The invisible rules

This investigative feature took several months to complete.

The Invisible Rules: An insight into the world of autism spectrum disorder

Rob Wood* has spent 20 years learning what most people never need to be taught.

The learning curve is steep, the curriculum intangible. Every interaction is an unknown experiment and potentially flammable. It’s a process permeated by frustration and loneliness. It’s a journey called Asperger syndrome.

This is his advice to his younger self.

“It will get better, but how much better will depend mostly on how hard you work to adapt. Do everything you can, be patient, it takes time, it takes practice. Remember that people’s conceptions of boundaries are radically different to your own. There are rules. They’re often stupid rules, many of them are superfluous, resource-inefficient, but they’re there. One day, you could have friends, good friends. There are people out there who will appreciate certain aspects of you. Just also know when to shut up. Don’t talk too long about things that interest you. Most people will listen for a while, but ultimately, you should leave the ball in their court. Good luck.”


—certain aspects of you.

Rob speaks slowly and deliberately, with an immaculately cultivated English accent. He chooses each word with precision, his fingers pressed in a steeple before him, his eyes slightly glazed. He can recite details of history and politics with effortless accuracy, but facial nuances remain unreadable to him.

—how hard you work to adapt.

Aspergers syndrome is a developmental disorder characterised by difficulty interpreting and responding to social and emotional cues. It is classified as part of autism spectrum disorder (ASD), but signifies high-functioning cognitive and intellectual abilities. Rob was diagnosed with Asperger’s at age eight, while he was suffering from suicidal depression. It was the beginning of a long road to fitting in.

“I did not have a happy childhood,” says Rob. “I was weird. I was not good, quirky weird, I was not Zooey Deschanel weird or that slightly awkward guy who makes funny jokes. I was just unpleasant weird. Ultimately I was very lonely. And in some ways, that hasn’t really changed.”

—there are rules.
Bernadette Beasley is a teacher, autism specialist and director of ASD support network, Places You’ll Go. She says the

rules that govern social behaviour are known as the hidden curriculum.

“Growing up, there [are] things that you would pick up from your peers or from your parents that we call the social curriculum, things that people don’t explicitly teach you, but that you learn,” she says. “People on the spectrum miss all of that stuff. Having those skills taught explicitly by someone who understands the autism spectrum is really important.”

Rob’s mum Emma agrees that the lack of social understanding is debilitating. “When he’s outside the home, he’s on high alert the whole time,” she says. “In the way that you and I would naturally read someone’s body language, we would pick on a topic of conversation with ease, for him he has to work at it the whole time and it’s exhausting. And as a result of that, you get the emotional highs and lows, which are more extreme because when you’re mentally tired, you’re more vulnerable to everything.”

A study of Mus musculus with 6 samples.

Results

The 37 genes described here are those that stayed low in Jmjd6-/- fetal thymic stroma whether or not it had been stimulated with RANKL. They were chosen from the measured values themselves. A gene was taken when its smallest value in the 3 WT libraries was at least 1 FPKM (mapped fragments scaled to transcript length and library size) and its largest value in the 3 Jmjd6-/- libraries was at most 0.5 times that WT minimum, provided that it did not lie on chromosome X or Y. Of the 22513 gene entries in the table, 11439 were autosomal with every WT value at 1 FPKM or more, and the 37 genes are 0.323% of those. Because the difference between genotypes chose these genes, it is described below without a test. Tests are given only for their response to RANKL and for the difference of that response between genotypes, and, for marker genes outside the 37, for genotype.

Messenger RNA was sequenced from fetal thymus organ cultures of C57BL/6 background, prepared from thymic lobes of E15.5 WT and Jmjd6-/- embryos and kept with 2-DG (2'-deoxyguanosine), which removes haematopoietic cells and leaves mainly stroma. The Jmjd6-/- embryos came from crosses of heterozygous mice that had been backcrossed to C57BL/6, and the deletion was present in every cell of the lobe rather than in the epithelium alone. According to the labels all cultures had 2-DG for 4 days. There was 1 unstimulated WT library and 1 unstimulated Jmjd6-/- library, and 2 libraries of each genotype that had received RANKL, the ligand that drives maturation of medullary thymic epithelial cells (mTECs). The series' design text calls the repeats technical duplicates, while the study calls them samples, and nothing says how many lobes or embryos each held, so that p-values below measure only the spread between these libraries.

—it takes time.

It took years of trouble at school for Rob to find support. His first school after his diagnosis was a mainstream primary school in Sydney with very few facilities for students with ASD. “You had to beg for funding because they didn’t have a funding process,” says Emma. “He didn’t have any teachers aids in his classroom. He was bullied and it didn’t matter how many times I tried to deal with it, it was like ‘Rob is the child who’s different so he’s the one who has to deal with it’.”

It was only at his next school at the Gold Coast, which had special education facilities, where Rob found the help he needed. “When I began in the special ed class, I could barely write a sentence in that hour,” he says. “When I graduated one and half years later, I won the writers award.”

Emma agrees that the turnaround was immense. “He had a support mechanism. If something went wrong they’d take him for an ice-cream at the beach. It was a very different attitude to educating kids with ASD.”

—it takes practice.

For Rob, social learning can be draining. “It’s so goddamn tedious to think ‘what does this mean, what do your hands mean?’ Trying to understand what a person means behind the actual words, it’s not easy and it’s intimidating.”

But Bernadette says new teaching tools are easing the process. “People used to say ‘stop them looking at that, stop them talking about that’, but it’s about now using their special interests and motivators to help them learn,” she says. “The use of digital technology is becoming more and more prevalent.”

Dr Chek Tan is the head designer of CopyMe, a digital social learning tool for children with ASD which involves mimicking facial expressions. He uses technology as a key motivator to learn. “Traditional tools feel too much like tools,” he says, “which we think attaches a stigma which makes kids feel like they are doing therapy. We wanted [CopyMe] to be like any game anyone can download on the App Store, so that these kids wouldn’t feel different to other kids playing mobile games.”

—good luck.

Rob says while social learning tools have made a big difference, it remains an uphill battle. “As I got better, people responded better to me,” he says. “Definitely, over time. [But] it’s been drilled into me again and again by life, by my experiences, that however far I think I’ve come, I haven’t come as far as I think I have. And I have so far to go yet.”

*Names have been altered to retain anonymity.